Cyber Security’s Biggest Threat is Decidedly Low Tech
Two weeks ago, I explained how a new threat to cyber security – the Advanced Persistent Threat – would change spending on security intensely.
Since then, a recent piece on “60 Minutes” covered the details of the Stuxnet virus, bringing the story to a wider audience.
However, Stuxnet is wildly atypical of cyber security attacks, and doesn‘t reflect the everyday cyber attack threats that will drive the cyber security boom.
The big shift from old cyber security to new cyber security stems from dealing with the advanced persistent threat, or APT. In an APT, sophisticated hackers determine a target of value and launch a focused attack to penetrate its network. This is in sharp contrast to the old type of threat that cast a wide net and preyed on a few weakly defended internet users.
Without question, Stuxnet was the most advanced and most persistent threat ever created. It passed from computer to computer via infected USB flash drives, and once inside a computer, it determined what other systems it was attached to. If it didn’t find what it was looking for, it waited for a new USB flash drive to infect, and then repeated the process for as long as possible.
The target Stuxnet was searching for was Siemens S7 PLC, an industrial controller that’s often connected to a uranium enrichment centrifuge. Specifically, it was trying to work its way into Iran’s nuclear facilities. Once Stuxnet found an Iranian centrifuge, it altered the centrifuge’s speed in a way that damaged it beyond repair.
Stuxnet was amazingly more complicated than anything that came before it. So much so that most analysts believe it could’ve only been executed by a joint effort between the United States and Israel, both of which, unsurprisingly, have remained silent about any possible involvement.
But whereas Stuxnet is exceptional, common methods are more mundane…
The New, Old-Fashioned Threat
The methods hackers use every day are low tech and fairly unexciting. The main point of entry isn’t your computer – it’s your phone.
A common tactic: Find a phone number for an employee at the target company, call them, pose as IT staff and get the employee to reveal his or her password. This is called “social engineering” and simply means convincing people to give you information that they shouldn’t.
The massive hack of RSA Security used a similar method. Hackers sent a carefully crafted email to a single RSA employee and attached an infected file called “2011 Recruitment Plan.” Once the employee took the bait and opened the file, the hackers were in. According to anonymous sources that spoke with Reuters and The New York Times,* the information stolen from RSA was used to launch attacks on Lockheed Martin, Northrup Grumman and L-3 Communications.
These attacks – not those Stuxnet represents – are the kinds of attacks that endanger our data. And it takes a new type of cyber security to stop them.
A firewall that simply tries to prevent attackers from entering the network doesn’t work, because humans – gullible and impressionable – invariably let them in.
Instead, it takes intelligent monitoring systems known as next-generation intrusion prevention systems and firewalls.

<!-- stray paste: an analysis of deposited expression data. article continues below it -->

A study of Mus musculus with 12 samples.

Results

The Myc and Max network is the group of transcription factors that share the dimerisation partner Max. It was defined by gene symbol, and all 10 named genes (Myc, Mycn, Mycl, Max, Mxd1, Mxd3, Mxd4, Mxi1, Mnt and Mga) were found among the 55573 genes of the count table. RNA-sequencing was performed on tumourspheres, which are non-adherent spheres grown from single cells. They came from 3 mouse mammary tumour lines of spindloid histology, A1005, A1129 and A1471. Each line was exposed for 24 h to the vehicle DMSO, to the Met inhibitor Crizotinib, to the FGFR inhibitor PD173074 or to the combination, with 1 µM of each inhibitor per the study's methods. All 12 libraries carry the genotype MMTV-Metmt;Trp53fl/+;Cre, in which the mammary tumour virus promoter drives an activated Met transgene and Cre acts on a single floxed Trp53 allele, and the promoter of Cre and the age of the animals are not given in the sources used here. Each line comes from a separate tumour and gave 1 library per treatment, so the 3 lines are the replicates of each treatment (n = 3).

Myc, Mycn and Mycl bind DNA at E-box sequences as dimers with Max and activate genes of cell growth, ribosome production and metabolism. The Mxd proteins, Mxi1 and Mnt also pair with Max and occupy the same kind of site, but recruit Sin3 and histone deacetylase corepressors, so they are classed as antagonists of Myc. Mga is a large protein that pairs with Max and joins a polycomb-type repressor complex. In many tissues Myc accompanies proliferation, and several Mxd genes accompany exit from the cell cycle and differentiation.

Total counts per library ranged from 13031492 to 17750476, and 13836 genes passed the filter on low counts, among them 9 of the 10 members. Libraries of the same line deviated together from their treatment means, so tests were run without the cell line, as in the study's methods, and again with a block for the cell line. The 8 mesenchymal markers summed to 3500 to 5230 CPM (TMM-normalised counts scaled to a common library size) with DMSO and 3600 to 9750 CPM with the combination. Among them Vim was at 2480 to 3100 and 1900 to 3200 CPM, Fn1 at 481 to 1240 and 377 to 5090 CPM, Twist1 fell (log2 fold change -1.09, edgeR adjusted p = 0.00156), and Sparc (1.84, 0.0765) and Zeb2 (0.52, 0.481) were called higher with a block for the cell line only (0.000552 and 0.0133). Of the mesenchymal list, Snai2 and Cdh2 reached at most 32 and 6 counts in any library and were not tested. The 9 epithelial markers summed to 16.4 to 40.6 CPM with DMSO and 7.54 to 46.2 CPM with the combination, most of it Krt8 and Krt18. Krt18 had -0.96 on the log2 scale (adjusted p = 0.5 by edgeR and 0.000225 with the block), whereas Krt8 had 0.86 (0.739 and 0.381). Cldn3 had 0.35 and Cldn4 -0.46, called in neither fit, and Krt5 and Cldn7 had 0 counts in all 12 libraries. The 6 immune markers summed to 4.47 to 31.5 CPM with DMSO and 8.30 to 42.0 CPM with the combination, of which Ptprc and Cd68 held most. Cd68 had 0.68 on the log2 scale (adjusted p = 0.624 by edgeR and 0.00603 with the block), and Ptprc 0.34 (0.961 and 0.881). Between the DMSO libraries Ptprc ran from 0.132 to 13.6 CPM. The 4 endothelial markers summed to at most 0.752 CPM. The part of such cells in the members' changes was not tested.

The previous intrusion detection systems looked at each “packet” of data as it came into the network and checked for signs that the data contained something malicious. Essentially, the system would check each small, discrete packet’s code against known fragments of viruses and see if there was a match.
Next-generation systems, on the other hand, look at multiple packets in relation to each other. The system is aware of the applications and typical use of the network and can spot anomalies. It can identify content, file types and more.
So passwords may forever be given out over the phone and employees might endlessly be conned into opening the wrong email attachments, but next-generation cyber-security systems make all that irrelevant. They look at how and when passwords are used, as well the broader context of any given email attachment. If anything runs afoul, the proper alerts are raised and actions carried out.
As of now, most networks have firewalls and intrusion prevention system, but very few have stepped up to next-generation levels.
Yet, the fallibility of human users in the face of the APT entails that security upgrades are inevitable. Gartner projects that spending on next-generation intrusion prevention systems and firewalls will grow 20% and 25% a year, respectively.
As an industry, cyber security will benefit immensely from the necessary spending, growing an estimated $7.2 billion over the next four years.
Nearly every security company is developing next-generation systems, including Cisco (Nasdaq: CSCO), Juniper (NYSE: JNPR), CheckPoint (Nasdaq: CHKP) and Fortinet (Nasdaq: FTNT). (They’ll all profit, but I’ve recently pointed out my favorites to readers of The WealthTronix Alert.)
Without such systems, a company’s network is only as secure as its weakest link. And its weakest link is any one of the millions of erring humans sitting at corporate computers.
Ahead of the tape,
*Note: At a reader’s request, this article was corrected to reflect the source of the connection between the RSA information and the subsequent attacks on the government contractors. RSA and the other companies involved haven’t revealed the direct link, except in the case of Lockheed Martin. RSA claims that the Lockheed Martin attack was unsuccessful, and neither party has announced what information, if any, was stolen.